Welcome back to another exciting (well hopefully they are) comic book review. This week we are jumping, or should I say shrinking, our way into The Shrinking Man. Originally by Richard Matheson, but newly adapted by Ted Adams and Mark Torres, The Shrinking Man is the story of Scott, a man who got hit by a cloud of some sort of gas, and it mutated his genetics to begin shrinking his body. He began to shrink at an alarming rate or 1/7th of an inch a day. This may seem small, but think about losing a foot of height in twelve weeks. As you can imagine, it is throwing off his life. His wife Lou and daughter Beth have to watch their father fade away, and Scott has to see their pain while it happens.
The other side, is the flash forward to when Scott is now 5/7 of an inch, and is just trying to survive. He is trying to fight a Black Widow, while reaching his golden goose, a box of crackers atop an old freezer. Just trying to get enough food to survive this disaster. The Matheson story for which this comic has even inspired writers such as Stephen King, for which King has said “I knew I could relate… I must do that.” Why don’t we see what I thought of the adaptation, of which I am usually a huge fan. Adaptations can take an older work in a brand new way, bringing it to a whole new generation of readers.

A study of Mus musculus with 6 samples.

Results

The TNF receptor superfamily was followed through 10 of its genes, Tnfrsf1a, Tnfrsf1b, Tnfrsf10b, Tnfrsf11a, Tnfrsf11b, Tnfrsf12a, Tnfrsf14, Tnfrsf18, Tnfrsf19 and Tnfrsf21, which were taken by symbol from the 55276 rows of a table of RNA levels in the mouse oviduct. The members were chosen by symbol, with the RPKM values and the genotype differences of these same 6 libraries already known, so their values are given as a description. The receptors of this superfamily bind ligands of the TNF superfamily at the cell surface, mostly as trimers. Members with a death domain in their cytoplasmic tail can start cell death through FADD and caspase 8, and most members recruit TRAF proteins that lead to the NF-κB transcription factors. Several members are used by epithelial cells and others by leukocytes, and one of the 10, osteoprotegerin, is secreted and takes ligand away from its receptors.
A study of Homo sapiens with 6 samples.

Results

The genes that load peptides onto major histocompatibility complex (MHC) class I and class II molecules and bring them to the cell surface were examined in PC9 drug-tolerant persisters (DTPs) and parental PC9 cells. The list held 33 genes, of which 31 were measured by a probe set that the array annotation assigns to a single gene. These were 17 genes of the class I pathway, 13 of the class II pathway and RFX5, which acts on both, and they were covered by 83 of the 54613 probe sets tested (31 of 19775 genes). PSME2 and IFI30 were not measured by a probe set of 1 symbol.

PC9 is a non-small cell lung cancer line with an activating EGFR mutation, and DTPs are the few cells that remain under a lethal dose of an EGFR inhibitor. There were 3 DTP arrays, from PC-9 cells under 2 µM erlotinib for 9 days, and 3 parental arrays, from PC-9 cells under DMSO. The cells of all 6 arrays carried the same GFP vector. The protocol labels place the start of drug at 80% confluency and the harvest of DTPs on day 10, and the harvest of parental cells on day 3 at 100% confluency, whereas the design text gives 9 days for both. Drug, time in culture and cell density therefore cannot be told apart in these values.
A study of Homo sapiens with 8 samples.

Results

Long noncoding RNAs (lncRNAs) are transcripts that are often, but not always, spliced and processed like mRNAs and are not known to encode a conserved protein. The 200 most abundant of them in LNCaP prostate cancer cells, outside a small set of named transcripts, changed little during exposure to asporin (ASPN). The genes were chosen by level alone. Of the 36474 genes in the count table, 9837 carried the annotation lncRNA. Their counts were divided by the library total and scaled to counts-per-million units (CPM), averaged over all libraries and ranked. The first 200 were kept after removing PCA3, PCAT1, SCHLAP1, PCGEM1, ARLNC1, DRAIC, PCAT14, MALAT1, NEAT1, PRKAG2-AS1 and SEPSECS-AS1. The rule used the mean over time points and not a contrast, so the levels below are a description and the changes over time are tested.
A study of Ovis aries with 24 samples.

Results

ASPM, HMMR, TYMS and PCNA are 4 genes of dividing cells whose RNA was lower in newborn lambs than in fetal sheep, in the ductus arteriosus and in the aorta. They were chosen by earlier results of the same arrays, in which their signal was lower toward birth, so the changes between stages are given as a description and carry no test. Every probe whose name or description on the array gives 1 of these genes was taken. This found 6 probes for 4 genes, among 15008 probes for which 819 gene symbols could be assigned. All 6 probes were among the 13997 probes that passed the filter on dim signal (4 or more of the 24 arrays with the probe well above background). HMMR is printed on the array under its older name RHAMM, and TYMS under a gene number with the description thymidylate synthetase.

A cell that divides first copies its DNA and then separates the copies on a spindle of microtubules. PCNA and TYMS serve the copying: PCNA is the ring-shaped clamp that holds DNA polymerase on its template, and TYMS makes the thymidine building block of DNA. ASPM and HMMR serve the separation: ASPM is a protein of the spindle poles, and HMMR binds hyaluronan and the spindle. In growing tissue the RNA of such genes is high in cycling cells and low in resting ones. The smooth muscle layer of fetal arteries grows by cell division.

WRITING – B
The writing is decent in this book, keeping in mind there is not a lot of original creation in the story. The emotion being portrayed works well, and the small changes needed to make the story flow right are also well done. The overall feeling of impending doom did not really come across all that well. In my personal opinion, I am not one hundred percent that they captured the true meaning and feeling of the story.
I feel that while the dialogue was powerful, there really was a lot that was missed by jumping back and forth, and skipping so much of his life while he was shrinking. I also feel that the story felt very rushed, especially for a comic.
ARTWORK – D
I pride myself on always seeing the good side of most comics. I have never really given any comic a bad rating, but the art in this one is probably the worst art I have seen on print. I know that this is a style that some may enjoy, but I can not even get through the “action” scenes without seeing so many imperfections. The people are just so hard to look at, and they are completely out of proportion. Everything about the art just lacked depth to me. I found it really did not do a service to the story.
That being said there was one shining light about the art. The Black Widow depiction was almost perfect. It was not only realistic, but it was quite terrifying. So I can at least give a kudos for that.
While I may be fairly critical of this comic, it is mainly because the story is one of the most classic thriller stories in history. This comic will still be a piece that you should own, just for the story it is based on, but make sure to read the novel too.